THE MODERN dictionary refers to ‘innocence’ as freedom from sin or moral wrong. We usually think of innocence not as a virtue, but as a so young stage where we aren’t yet aware of evil in the world. This innocence is very easily found in the young one’s and a child. The importance of the virtue of innocence is implied in Christ’s admonition: “Truly, I say to you, unless you turn and become like children, you will never enter the kingdom of heaven.”

In last few days, I was really busy with my final year project, which is still not working with just over a week left for the submissions. Yesterday my project group and I headed to Shivaji Park in Dadar just to take time off from the project thing and enjoy the last days of college life and plan for a farewell blast. We were chatting in a very light mood and just crackling. The people around were looking at us as if we had just come from some mental asylum

Mumbai’s streets are a beggars’ paradise. There are more than 10,000 beggars in the city and at least 50 per cent of them are children. As we went through our discussion, a child barely four-five years old came to us. The child was just too young and was looking at us very joyfully. We asked him to sit with us. He sat very affectionately as if we had known each other for long time. In the course of the conversation, I asked him, “Tujhi aayi aani baba kuthe aahe (Where are your parents?).” He replied that they were begging on the other side of the park. My friend asked him, “You are not afraid of roaming alone?” The boy gave a firm reply “No.” Then I asked him, “Din mein kitna kama lete ho (how much do u earn in a day)?” He said, “30-40 rupaiya bana leta hoon.” My friend said, “Just imagine that he is earning 30-40 from this age and our parents have invested lakhs of money on us and we have slogged it out for 22 years and yet we are not sure where to go.” We all laughed and the boy also joined us but I doubt whether he understood anything.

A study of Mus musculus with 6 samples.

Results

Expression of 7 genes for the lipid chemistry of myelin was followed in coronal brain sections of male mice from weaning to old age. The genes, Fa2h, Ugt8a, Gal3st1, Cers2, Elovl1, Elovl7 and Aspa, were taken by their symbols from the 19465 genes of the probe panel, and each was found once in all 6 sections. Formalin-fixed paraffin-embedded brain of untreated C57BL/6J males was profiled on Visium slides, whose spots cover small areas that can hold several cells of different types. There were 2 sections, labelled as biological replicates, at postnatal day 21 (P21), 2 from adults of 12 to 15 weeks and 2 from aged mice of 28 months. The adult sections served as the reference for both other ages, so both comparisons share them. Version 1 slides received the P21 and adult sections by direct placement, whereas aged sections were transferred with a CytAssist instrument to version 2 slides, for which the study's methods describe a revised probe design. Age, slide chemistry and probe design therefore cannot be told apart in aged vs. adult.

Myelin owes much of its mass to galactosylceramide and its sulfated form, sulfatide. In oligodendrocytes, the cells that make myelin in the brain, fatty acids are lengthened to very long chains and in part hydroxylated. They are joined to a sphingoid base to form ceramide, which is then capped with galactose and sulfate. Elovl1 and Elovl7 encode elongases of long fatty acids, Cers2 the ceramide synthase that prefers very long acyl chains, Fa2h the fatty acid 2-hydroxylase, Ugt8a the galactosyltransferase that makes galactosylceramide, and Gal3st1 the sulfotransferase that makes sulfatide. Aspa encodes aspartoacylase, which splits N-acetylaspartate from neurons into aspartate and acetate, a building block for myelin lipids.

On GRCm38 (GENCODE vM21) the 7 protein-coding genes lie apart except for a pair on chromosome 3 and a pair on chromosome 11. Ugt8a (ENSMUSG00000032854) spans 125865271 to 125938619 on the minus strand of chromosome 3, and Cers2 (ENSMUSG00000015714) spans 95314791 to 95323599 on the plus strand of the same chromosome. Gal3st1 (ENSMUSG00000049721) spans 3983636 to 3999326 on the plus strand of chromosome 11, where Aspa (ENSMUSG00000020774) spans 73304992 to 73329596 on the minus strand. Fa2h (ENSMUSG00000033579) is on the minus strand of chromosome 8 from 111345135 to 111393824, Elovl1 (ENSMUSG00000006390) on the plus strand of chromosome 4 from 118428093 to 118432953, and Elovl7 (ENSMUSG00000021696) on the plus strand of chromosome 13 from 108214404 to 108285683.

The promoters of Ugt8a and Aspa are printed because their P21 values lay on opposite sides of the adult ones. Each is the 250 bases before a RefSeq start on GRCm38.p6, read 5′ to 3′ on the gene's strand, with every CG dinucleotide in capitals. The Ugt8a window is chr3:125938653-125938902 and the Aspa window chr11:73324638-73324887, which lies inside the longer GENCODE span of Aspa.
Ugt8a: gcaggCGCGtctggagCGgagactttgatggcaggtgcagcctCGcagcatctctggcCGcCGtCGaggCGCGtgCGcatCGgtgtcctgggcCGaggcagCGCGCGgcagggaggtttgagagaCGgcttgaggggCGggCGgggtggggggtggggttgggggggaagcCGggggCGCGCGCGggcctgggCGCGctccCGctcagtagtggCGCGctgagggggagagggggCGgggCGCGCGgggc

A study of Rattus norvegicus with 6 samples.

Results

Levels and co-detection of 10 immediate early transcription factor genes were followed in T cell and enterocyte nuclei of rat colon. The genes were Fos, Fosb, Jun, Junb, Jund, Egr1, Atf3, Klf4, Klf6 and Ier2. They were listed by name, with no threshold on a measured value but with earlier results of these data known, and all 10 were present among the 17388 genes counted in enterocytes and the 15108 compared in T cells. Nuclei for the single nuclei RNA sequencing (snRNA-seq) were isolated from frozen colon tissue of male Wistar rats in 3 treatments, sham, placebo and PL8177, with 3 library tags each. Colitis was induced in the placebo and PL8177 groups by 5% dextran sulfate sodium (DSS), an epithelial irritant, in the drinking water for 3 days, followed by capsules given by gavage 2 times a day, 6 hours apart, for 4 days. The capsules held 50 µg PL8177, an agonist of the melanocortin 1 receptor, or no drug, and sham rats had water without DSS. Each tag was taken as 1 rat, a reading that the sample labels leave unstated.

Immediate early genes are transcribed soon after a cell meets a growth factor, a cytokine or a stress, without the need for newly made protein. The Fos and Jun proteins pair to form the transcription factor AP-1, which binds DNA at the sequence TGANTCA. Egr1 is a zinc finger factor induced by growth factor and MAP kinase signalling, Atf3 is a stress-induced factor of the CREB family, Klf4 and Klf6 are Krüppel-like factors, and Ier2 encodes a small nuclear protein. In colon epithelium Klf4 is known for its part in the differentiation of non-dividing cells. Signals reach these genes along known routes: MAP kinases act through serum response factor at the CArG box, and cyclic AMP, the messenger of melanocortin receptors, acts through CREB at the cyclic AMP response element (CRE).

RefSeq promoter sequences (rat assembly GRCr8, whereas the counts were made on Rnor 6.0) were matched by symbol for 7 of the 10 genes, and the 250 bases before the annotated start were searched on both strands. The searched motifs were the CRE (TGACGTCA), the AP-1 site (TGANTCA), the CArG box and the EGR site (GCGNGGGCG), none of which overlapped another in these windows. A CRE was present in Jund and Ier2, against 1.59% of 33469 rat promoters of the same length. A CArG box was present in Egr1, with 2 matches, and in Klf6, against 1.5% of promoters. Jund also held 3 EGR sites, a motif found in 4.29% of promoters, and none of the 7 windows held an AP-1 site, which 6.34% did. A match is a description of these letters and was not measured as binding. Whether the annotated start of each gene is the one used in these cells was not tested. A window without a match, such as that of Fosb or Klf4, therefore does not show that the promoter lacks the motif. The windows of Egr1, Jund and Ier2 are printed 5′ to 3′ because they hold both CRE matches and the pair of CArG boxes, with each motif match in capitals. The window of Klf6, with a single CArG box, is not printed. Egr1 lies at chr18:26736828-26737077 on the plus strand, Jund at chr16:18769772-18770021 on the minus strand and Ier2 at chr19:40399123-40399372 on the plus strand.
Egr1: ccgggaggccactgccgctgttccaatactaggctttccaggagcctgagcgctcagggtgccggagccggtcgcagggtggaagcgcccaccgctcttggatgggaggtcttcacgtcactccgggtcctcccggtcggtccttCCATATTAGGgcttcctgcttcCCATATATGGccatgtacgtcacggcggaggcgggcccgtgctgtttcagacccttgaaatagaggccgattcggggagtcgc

The boy then asked for some money from us. I asked him to show me how much he had earned that day. He opened his packet, which carried a 20-rupee note and some coins of one and two rupees. I just took my wallet and showed him that I had only 10 rupees and he was having more money than me. The boy then checked my wallet and after a long thought, he opened his packet and said, “Maajha kadun 20 rupaiya ghya (you take my 20 rupees).” Listening to this line, we just couldn’t control our emotions and laughed once again endlessly and later we had tears in our eyes. The tears were not due to the fact that he had offered me 20 rupees but that was because of the innocence of the young boy, who despite having his life in stormy waters, thought of helping me after making sure that my wallet was empty.

The ‘innocence’ of young boy took all the stress from our faces that was there for so many weeks because of the project and other stuffs. We then got a photograph clicked with that boy and he was just too happy and gave various poses for the camera. He looked at his photos with great delight. We then had vada-pav and tea together while he narrated his tormented life in broken Hindi. After that the boy left, but I just realised what a great lesson he had taught me. Smile when you are in pain and the world is yours. The boy said that he had no problem in begging and was enjoying his life and was proud in contributing towards the family income. Sometimes you feel that there is so much sorrow in the life of the other people and yet they take life as it comes and fight it out.

Perhaps this endless struggle motivates us to do something constructive towards the society and the story is same for everyone – one with all the resources and one without any.